Manama: Education authorities in Saudi Arabia have reiterated their warning to students against taking stimulants to allegedly help them focus during their academic tests.
With thousands of Saudi students sitting for their national exams, peddlers have been pushing for using amphetamines, commonly known as Captagon, as the best stimulant to “boost energy, remain alert, fight exhaustion and help achieve high scores”.
Despite being banned in Saudi Arabia and the other Gulf countries, the drug has become alarmingly popular among students and truck drivers and is regarded as the top amphetamine-type stimulant consumed in the area.
“We do warn against its use, especially among students,” Rashid Al Zahrani, said the head of public relations at the Hope Institute in Dammam, the largest city in western Saudi Arabia. “We currently have 1,651 Saudis and 106 non-Saudis who are being treated for addiction to drugs. The largest age group, around 37 per cent of them, are between 20 and 29, while those who are less than 20 years old constitute two per cent of the total,” he said in remarks published on Monday by local Arabic daily Al Sharq.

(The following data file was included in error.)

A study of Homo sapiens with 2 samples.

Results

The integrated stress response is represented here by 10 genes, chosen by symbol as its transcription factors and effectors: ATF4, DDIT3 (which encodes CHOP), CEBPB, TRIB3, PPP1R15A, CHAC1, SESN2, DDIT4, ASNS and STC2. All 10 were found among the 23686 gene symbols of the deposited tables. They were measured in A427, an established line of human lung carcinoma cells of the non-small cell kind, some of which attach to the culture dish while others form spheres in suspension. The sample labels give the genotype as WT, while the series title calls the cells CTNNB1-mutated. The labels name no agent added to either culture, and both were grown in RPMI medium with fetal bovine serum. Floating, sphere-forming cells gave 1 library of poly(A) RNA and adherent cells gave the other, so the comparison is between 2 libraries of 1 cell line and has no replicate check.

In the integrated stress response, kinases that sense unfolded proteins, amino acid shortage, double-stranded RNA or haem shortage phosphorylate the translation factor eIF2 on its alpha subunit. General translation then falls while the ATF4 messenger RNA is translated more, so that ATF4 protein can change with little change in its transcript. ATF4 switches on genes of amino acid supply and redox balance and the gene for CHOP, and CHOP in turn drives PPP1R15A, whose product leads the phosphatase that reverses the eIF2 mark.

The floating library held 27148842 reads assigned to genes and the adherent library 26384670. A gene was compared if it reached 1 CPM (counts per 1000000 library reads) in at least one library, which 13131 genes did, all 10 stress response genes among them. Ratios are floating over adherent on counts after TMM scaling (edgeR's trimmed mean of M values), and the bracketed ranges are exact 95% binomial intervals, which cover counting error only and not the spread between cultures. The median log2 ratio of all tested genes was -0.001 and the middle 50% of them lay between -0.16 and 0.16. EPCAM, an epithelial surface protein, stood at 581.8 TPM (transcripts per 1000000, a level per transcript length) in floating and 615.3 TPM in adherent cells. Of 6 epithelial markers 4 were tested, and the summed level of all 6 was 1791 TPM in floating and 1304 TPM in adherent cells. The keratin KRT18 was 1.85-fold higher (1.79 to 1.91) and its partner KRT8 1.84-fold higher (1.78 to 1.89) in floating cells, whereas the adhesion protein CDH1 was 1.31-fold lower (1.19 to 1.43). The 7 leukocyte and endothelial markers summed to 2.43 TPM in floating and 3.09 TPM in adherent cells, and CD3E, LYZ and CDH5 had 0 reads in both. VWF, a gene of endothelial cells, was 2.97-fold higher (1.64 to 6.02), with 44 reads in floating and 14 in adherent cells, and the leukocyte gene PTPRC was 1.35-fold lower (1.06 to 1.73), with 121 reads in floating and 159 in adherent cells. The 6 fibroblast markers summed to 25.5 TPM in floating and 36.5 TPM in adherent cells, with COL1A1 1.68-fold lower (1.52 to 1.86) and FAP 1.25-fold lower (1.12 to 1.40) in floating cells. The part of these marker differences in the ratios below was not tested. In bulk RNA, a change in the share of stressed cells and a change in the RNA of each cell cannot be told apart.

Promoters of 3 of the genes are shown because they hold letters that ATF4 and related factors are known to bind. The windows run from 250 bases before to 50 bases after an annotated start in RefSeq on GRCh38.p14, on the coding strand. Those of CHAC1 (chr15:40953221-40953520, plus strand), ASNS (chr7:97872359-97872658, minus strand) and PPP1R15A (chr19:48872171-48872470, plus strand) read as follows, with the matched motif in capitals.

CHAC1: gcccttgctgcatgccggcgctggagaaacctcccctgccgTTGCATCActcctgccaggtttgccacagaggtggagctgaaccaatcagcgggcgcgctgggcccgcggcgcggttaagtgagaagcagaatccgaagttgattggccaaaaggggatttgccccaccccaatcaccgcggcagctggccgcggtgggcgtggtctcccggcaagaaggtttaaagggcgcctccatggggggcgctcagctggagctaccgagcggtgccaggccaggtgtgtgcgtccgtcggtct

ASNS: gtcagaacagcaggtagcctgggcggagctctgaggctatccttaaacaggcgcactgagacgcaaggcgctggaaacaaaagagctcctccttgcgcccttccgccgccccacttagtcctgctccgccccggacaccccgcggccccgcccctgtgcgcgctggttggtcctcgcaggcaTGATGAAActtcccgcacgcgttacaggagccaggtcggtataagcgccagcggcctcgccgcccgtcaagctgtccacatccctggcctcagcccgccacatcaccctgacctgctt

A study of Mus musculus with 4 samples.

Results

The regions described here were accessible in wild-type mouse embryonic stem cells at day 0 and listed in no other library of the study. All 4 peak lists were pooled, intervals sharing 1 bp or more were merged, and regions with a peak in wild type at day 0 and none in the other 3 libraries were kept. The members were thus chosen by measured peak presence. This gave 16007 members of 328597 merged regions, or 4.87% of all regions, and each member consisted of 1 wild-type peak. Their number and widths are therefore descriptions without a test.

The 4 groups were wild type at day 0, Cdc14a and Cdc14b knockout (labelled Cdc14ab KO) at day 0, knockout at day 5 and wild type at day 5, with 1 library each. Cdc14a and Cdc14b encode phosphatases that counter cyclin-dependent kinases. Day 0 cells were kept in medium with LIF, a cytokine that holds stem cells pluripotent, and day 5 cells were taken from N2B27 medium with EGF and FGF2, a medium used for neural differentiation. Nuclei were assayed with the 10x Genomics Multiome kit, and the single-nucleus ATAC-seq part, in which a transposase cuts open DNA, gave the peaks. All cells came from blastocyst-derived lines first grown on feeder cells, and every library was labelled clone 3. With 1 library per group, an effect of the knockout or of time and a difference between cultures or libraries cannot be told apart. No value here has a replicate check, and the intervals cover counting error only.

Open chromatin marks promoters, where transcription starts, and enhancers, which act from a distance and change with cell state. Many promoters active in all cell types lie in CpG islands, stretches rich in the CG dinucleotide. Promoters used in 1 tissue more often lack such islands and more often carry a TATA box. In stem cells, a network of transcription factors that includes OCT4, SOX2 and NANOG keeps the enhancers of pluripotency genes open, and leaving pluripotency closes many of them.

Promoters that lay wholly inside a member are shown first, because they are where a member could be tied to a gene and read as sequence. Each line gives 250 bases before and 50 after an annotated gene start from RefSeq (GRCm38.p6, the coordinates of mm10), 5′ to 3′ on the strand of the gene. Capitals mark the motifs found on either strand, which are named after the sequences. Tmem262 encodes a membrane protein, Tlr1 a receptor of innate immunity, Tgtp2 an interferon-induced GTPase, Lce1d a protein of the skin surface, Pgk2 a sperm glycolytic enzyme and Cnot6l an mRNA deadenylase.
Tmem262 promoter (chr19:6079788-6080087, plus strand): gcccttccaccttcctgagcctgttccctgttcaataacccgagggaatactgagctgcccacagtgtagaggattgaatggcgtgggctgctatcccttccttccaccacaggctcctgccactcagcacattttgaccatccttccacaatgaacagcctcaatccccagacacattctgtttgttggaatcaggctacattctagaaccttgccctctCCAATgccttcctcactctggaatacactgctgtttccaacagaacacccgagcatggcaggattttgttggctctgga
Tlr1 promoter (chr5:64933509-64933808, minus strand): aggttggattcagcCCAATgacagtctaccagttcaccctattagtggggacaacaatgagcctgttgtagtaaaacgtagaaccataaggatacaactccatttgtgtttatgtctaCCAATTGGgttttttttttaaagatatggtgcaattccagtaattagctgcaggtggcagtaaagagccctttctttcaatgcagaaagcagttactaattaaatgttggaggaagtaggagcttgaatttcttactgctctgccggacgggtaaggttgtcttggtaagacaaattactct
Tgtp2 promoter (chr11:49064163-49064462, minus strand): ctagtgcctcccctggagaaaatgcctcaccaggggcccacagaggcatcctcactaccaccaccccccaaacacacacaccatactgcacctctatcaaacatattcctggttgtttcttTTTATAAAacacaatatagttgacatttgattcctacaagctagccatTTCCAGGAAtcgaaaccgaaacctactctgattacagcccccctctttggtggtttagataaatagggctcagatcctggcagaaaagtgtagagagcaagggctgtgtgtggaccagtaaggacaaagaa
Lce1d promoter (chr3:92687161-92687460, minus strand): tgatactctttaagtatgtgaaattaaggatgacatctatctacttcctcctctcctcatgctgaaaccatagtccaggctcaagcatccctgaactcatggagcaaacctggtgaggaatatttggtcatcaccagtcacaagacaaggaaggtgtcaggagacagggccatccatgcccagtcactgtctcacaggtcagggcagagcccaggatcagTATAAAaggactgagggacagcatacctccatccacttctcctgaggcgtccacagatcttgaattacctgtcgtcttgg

According to the figures, 34 per cent of the addicts being treated are between the ages of 30 and 39, 20 per cent between 40 and 49 and 8 per cent were more than 50 years old.
“Unfortunately, school age students are particularly vulnerable when it comes to taking drugs from peddlers,” Ayedh Al Rahili, the head of education in Hafr Al Batin in the northeastern region of the Saudi kingdom. “We have warned them against sliding dangerously into the terrible world of drugs and to dismiss all the false allegations made by those who push them onto the wrong path. They should shield themselves from such immoral and destructive ways,” he said, quoted by the daily.
Anti-drugs officials in Saudi Arabia have also been pressing for mandatory regular blood tests for trailer and truck drivers to ensure that they are not taking stimulants.
Several long vehicle drivers have been blamed for the alarming increase in the number of fatal road accidents.